Drawing students from universities along the east coast, this weekend’s 10th anniversary Black Solidarity Conference examined the basis for contemporary perceptions of black identity, particularly notions of black power and success.

Hosted by the Black Student Alliance at Yale and the Black Pride Unions, the conference, entitled “Shattering the Glass Ceiling: Rethinking Conceptions of Black Success,” attracted over 200 students from schools including Brown University, the University of Virginia and Mount Holyoke College. During the weekend, speakers and panelists addressed a variety of current black issues, such as the domestic AIDS crisis, black leadership and the nature of the black middle class.

The conference also gave black students a forum to exchange “ideas, opinions and plans of action,” and build networks outside of their own universities, Danielle Smith and Lauren Booker ’06, co-presidents of BSAY, said in the conference’s mission statement.

“We’ve gotten positive feedback from students from almost every school,” Booker said in an interview. “There was a lot of exchanging of numbers, a lot of them are interested in having their own conferences.”

The conference began Friday when students organized to distribute voting information at Shaw’s Supermarket on Whalley Avenue. Later that evening at a banquet, keynote speaker George C. Fraser, author of “Success Runs In Our Race: The Complete Guide to Effective Networking in the African-American Community,” discussed the important role of relationship-building in business success. After the banquet, Stogie Kenyatta performed the one-man play, “The Life and Times of Paul Robeson,” about the 20th-century black athlete, performer, scholar and activist.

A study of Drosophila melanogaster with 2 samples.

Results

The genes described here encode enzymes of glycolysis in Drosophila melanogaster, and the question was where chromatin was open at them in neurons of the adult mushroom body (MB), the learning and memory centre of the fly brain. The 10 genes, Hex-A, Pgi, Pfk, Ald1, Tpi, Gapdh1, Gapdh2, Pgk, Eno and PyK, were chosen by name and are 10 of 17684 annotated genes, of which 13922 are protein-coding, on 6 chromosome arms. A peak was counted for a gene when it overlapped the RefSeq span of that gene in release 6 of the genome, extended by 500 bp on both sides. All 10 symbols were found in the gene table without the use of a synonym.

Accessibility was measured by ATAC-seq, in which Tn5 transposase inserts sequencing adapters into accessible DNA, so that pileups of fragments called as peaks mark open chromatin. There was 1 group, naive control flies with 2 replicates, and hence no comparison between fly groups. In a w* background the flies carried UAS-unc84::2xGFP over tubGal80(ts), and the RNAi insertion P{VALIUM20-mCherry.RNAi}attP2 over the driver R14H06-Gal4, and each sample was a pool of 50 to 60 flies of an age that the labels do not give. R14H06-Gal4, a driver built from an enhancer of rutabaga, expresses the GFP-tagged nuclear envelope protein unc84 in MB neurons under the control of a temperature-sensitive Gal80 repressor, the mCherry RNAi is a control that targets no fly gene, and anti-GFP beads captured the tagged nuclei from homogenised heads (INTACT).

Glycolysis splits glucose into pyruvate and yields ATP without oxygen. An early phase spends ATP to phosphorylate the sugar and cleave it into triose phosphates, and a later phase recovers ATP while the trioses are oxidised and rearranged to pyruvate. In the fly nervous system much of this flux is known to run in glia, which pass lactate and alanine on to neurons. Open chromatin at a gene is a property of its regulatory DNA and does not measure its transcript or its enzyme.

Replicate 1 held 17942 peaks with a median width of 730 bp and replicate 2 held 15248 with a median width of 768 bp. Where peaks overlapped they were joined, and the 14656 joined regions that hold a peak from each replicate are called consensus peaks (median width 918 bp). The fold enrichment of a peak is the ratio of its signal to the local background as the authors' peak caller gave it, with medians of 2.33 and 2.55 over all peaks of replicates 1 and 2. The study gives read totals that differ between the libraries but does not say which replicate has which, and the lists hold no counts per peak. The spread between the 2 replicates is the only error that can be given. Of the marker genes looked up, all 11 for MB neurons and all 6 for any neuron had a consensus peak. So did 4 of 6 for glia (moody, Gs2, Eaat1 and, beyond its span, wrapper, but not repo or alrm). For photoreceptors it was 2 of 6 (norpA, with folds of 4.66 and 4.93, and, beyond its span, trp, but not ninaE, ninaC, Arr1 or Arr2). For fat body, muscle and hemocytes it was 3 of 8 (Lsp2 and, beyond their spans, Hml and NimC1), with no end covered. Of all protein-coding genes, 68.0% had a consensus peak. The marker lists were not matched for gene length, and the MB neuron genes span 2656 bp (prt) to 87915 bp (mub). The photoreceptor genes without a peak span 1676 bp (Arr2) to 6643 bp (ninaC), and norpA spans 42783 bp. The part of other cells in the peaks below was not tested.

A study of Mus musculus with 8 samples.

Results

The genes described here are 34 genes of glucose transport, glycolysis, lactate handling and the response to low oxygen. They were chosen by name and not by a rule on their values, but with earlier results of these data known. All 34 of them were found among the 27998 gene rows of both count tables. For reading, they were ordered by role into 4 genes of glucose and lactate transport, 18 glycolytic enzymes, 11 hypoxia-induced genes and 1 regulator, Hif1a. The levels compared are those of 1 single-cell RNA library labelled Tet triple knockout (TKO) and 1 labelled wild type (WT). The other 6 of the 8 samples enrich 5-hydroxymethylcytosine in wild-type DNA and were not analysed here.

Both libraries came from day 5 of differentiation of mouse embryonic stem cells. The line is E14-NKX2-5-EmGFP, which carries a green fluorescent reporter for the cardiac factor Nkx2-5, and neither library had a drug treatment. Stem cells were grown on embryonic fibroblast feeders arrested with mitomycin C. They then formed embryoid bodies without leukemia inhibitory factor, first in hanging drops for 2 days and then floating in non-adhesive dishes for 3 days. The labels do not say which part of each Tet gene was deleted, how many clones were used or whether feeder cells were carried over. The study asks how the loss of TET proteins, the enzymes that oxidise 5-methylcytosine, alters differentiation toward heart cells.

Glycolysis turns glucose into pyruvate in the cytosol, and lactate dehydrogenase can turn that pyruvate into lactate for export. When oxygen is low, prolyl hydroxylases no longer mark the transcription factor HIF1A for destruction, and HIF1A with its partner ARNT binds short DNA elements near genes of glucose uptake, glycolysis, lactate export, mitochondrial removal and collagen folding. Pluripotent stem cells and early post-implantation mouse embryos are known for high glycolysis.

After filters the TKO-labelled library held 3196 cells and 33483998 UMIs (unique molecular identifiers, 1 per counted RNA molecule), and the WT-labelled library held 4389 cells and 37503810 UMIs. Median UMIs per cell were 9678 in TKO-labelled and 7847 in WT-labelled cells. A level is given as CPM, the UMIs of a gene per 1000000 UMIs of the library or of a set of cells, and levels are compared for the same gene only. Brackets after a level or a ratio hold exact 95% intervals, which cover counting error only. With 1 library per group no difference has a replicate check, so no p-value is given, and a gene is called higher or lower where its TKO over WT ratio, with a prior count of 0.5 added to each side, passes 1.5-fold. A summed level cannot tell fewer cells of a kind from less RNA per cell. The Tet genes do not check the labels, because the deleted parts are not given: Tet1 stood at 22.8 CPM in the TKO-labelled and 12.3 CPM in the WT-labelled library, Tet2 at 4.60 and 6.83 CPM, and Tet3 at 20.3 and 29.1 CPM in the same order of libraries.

Albert Ntiri ’05, who attended several of the conference events, said he found Fraser’s talk particularly interesting.

“He was talking about a third stage in the civil rights movement — to use the knowledge and understanding of money in the African American community,” Ntiri said.

School of Nursing Associate Director Laurie Sylla spoke at a panel discussion on Saturday titled “Breaking the Silence: Confronting the Domestic AIDS crisis” on the necessity of addressing unprotected sex in prisons and in the context of marriage.

“If you want to address AIDS in the black community, you’ve got to address the lack of condoms in prison,” Sylla said. “Around the world, the number one risk factor for HIV is being married. We deny that unprotected sex happens in the context of intimacy.”

Later Saturday night students from many different universities performed in a talent show. Rhythmic Blue and Steppin’ Out were among the Yale groups who performed. Students not from Yale performed spoken word poetry, freestyle rap and songs. The night ended with a costume party at Club Image.

The conference concluded Sunday with a service at the Black Church at Yale.

Adrian Hopkins ’06, founder and editor in chief of the new bi-weekly magazine “Sphere,” said he valued the conference, especially considering the current political climate preceding Election Day.

“The most important part for me was that, as black students from colleges across the country, we were able to come together and share our own experiences and ideas at this crucial time before the election,” Hopkins said.